AHEAD: Association for Higher Education Access & Disability
Creating inclusive environments in education & employment for people with disabilities.


UDL & the Continuum of Supports

To work, Universal Design for Learning requires the support of national policies and implementation frameworks, along with commitment across the whole institution to reducing barriers in the learning environment and in turn, a recognition that inclusion requires a continuum of supports that reaches from the classroom to the disability support service and which incorporates the provision of reasonable accommodations.

The Inclusive Education Pyramid - Level 1 (the base of the pyramid) shows the majority of students being catered for in the classroom via UDL principles. Level 2 shows group supports (e.g. learning support sessions) given to groups of students with similar needs. Level 3 further up the pyramid shows students who require an individual accommodation such as a piece of assistive technology. On Level 4 (the tip of the pyramid) sit students who require personal supports such as a personal assistant or scribe.

The Inclusive Education Pyramid shown above demonstrates the varying levels of support required. As practitioners, the aim should be to move supports as low down the pyramid as possible. 

Level 1: The majority of students

With the incorporation of UDL principles into the mainstream teaching, learning and assessment practice of the institution, the majority of students can have a successful learning experience without additional support. It's important to note that all students with disabilities should still be afforded the opportunity to complete a Needs Assessment, even if their needs can be met in the mainstream.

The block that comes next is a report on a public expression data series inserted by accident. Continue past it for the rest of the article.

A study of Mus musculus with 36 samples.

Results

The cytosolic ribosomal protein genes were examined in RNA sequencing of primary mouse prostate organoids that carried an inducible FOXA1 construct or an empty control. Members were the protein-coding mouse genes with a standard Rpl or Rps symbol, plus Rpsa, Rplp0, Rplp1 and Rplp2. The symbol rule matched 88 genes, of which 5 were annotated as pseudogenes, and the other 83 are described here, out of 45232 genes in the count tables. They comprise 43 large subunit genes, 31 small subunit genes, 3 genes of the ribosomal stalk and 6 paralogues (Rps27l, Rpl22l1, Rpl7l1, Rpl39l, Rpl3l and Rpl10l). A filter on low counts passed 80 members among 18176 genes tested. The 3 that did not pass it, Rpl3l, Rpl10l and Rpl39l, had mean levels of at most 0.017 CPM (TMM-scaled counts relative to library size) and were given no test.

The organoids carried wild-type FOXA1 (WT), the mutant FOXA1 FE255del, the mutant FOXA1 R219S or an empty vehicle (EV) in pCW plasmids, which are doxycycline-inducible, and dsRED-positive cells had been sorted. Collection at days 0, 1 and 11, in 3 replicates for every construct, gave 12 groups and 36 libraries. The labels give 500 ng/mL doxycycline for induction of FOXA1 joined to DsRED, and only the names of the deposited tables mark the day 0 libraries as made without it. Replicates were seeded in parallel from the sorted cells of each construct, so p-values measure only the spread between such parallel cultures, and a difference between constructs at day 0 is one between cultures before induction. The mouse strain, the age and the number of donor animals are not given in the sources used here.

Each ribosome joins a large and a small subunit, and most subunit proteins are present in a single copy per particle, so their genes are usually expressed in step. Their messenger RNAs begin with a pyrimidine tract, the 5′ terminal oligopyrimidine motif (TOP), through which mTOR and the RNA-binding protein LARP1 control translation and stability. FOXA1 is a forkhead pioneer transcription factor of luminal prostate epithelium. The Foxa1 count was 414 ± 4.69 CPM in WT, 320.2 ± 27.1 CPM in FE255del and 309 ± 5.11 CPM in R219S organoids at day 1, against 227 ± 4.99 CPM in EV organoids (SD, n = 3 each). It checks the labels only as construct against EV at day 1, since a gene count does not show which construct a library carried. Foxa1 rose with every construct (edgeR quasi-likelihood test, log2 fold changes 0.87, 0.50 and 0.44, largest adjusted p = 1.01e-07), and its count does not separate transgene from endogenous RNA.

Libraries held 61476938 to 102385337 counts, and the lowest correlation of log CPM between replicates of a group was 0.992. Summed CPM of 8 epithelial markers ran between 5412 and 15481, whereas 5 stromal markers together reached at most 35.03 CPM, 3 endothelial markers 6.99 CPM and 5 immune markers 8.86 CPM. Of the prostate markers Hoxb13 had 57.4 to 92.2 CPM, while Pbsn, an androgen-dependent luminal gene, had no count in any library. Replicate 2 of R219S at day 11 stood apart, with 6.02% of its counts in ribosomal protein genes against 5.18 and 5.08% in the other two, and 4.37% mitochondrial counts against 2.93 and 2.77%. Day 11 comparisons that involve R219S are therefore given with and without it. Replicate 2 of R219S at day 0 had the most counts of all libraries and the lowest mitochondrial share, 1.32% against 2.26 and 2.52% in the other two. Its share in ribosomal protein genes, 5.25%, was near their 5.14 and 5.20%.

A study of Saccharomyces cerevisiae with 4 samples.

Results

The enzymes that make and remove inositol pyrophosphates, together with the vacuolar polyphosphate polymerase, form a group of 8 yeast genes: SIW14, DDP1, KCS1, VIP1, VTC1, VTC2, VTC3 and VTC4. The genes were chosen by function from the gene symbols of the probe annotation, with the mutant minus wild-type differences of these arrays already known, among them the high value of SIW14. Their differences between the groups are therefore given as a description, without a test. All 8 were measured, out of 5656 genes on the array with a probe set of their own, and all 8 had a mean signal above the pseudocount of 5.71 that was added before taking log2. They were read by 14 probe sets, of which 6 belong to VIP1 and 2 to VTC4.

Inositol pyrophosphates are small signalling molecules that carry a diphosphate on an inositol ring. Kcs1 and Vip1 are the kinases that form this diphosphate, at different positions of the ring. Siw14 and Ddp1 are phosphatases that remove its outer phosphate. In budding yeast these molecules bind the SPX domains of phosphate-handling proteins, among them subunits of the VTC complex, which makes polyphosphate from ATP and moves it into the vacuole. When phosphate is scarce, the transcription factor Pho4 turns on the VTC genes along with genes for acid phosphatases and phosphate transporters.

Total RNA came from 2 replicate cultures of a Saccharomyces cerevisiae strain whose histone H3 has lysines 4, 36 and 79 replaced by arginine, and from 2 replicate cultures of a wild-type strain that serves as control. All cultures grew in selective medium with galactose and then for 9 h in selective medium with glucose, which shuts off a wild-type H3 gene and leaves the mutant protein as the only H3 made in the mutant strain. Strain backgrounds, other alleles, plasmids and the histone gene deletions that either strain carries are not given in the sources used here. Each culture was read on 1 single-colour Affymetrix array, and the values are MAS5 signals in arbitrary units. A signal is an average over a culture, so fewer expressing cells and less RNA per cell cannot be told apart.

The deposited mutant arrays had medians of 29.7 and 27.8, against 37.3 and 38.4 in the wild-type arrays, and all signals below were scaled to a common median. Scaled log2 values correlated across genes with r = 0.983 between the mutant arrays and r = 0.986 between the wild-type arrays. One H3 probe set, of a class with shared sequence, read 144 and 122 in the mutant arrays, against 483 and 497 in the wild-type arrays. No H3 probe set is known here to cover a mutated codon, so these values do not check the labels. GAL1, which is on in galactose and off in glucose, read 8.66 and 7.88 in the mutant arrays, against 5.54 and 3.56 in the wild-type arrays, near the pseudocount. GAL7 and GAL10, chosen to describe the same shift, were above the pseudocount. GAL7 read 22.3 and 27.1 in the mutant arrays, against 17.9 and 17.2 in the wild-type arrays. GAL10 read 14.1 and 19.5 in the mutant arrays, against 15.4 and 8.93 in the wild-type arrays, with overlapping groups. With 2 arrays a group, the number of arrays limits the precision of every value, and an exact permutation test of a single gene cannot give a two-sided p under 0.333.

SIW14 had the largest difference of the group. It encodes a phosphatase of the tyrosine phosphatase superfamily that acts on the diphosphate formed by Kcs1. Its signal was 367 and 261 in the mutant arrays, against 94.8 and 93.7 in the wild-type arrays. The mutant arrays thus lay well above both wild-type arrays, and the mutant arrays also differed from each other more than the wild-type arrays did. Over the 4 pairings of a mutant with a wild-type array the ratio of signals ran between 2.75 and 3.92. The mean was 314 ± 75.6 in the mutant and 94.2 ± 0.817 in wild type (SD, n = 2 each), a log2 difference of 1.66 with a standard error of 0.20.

Level 2: Students with similar needs

In some cases, students with similar needs who required additional support can have support provided in a group setting. Examples of this would include group learning support sessions and examinations in alternative venues for students with similar exam needs. In some cases, these supports will be prescribed as a result of a needs assessment with a specialist service (e.g. the disability support service). In other cases, group supports main be available to all students in the mainstream (e.g. learning support services).

Level 3: Individual accommodation

Individual reasonable accommodations remain a very important part of an inclusive institution. Some students require individual supports such as Assistive Technology or flexibility with examination deadlines which enable them to participate fully in the learning experience. These supports will be prescribed as a result of a needs assessment with a specialist service (e.g. the disability support service).

Level 4: Personal assistant

Sometimes students might have the need for more personal, professional supports, in addition to individual accommodations like those outlined in Level 3. For example, students with certain disabilities may require the use of a personal assistant on campus, or in an exam setting, a reader or scribe. Like those in Level 3, these supports will be prescribed as a result of a needs assessment with a specialist service (e.g. the disability support service).